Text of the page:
IRVINGTON, New Jersey (WABC) -- New Jersey Governor Phil Murphy visited a vaccination site at a barbershop in Irvington Friday, part of a push to get underserved communities inoculated against COVID-19.
The N&N Unisex Barbershop on Chancellor Avenue hosted a pop-up site in a community where only 42% of the population has received the shot.
"People don't trust the government enough to give the government their information or believe that the government is doing what they say that they're doing," Irvington Mayor Tony Vauss said. "And that's one of the things here in our community that we struggle with."
Murphy had a clip and a conversation, trying to cut down on vaccine hesitancy. The conversation was free wheeling and open.
"We want people to see that it is safe and that it can not only save your life, but it can save a family member's life as well," Vauss said.
"When you look at the data, people entering the hospital, they're overwhelming unvaccinated," Murphy said.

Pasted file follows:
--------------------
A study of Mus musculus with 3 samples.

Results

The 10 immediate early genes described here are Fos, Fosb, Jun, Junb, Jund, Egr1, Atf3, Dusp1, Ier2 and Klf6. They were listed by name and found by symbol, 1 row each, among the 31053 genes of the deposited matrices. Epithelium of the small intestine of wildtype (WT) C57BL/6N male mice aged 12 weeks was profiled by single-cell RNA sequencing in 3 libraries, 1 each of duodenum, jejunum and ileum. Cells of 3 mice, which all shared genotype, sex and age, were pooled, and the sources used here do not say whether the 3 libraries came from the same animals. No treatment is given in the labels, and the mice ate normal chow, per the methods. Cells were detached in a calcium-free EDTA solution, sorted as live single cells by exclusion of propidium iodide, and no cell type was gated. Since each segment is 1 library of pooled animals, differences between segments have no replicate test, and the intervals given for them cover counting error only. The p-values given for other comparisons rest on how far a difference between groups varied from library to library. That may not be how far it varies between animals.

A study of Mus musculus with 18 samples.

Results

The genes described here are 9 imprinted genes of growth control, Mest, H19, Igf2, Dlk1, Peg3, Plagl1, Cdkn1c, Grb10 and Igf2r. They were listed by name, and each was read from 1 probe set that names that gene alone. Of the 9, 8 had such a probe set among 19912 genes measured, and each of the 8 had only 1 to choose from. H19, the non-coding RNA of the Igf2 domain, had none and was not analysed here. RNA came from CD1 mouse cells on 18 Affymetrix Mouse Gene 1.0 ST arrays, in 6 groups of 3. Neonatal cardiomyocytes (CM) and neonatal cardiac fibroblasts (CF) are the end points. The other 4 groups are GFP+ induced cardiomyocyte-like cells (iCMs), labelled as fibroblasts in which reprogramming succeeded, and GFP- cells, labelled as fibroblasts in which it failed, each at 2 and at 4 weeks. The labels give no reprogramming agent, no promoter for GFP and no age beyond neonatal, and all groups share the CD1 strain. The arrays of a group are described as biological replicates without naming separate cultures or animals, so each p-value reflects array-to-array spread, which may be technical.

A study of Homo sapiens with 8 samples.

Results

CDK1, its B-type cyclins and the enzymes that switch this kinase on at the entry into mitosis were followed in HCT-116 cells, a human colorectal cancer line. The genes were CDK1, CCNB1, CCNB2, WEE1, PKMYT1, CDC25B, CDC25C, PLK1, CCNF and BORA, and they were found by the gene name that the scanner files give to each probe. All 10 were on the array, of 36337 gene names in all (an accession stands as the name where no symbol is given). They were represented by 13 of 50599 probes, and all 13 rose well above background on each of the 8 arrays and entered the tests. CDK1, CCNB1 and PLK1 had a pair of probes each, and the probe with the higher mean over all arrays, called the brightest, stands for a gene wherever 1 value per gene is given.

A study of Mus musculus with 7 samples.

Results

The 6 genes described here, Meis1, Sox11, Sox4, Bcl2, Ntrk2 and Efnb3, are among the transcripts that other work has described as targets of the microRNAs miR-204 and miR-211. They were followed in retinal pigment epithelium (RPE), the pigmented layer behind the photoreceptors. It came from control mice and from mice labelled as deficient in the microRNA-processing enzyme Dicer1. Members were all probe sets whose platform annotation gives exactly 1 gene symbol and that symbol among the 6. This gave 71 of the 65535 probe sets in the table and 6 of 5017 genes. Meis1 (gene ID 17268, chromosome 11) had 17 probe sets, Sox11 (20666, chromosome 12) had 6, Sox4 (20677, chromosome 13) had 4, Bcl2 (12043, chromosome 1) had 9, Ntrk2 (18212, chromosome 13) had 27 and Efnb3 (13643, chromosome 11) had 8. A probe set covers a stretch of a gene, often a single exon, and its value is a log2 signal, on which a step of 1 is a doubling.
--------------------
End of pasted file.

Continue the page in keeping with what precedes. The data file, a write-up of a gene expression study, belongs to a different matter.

The governor also held a round-table discussion with Vauss and shop owner Hugea Newman and local leaders on how to boost confidence in the vaccine among Black men.
Among those participating were New Jersey Secretary of Higher Education Dr. Brian Bridges, Essex County Board of Commissioners President Wayne Richardson, and Aide to the Governor Brandon Parrish.
The vaccine clinic was set up just outside the barbershop, and residents were signing up for the shot.
"A lot of people dying from it, getting sick," recipient Aleia Edwards said. "So I'm like, I might as well, I'm around people every day."
Meanwhile, for the first time since the start of the pandemic, the COVID positivity rate in New Jersey has dropped below 1%.
The owners of a New Jersey eatery named Emma Bistro, is calling the news a "blessing."
"The positivity rate has gone down, has been a huge blessing for everybody," Danilo Lavia.
"We knew the equity piece would be the hardest," he said. "So our overall momentum is strong, probably as strong as any American state. But our challenge to address the inequity, including in vaccination, is a work in progress."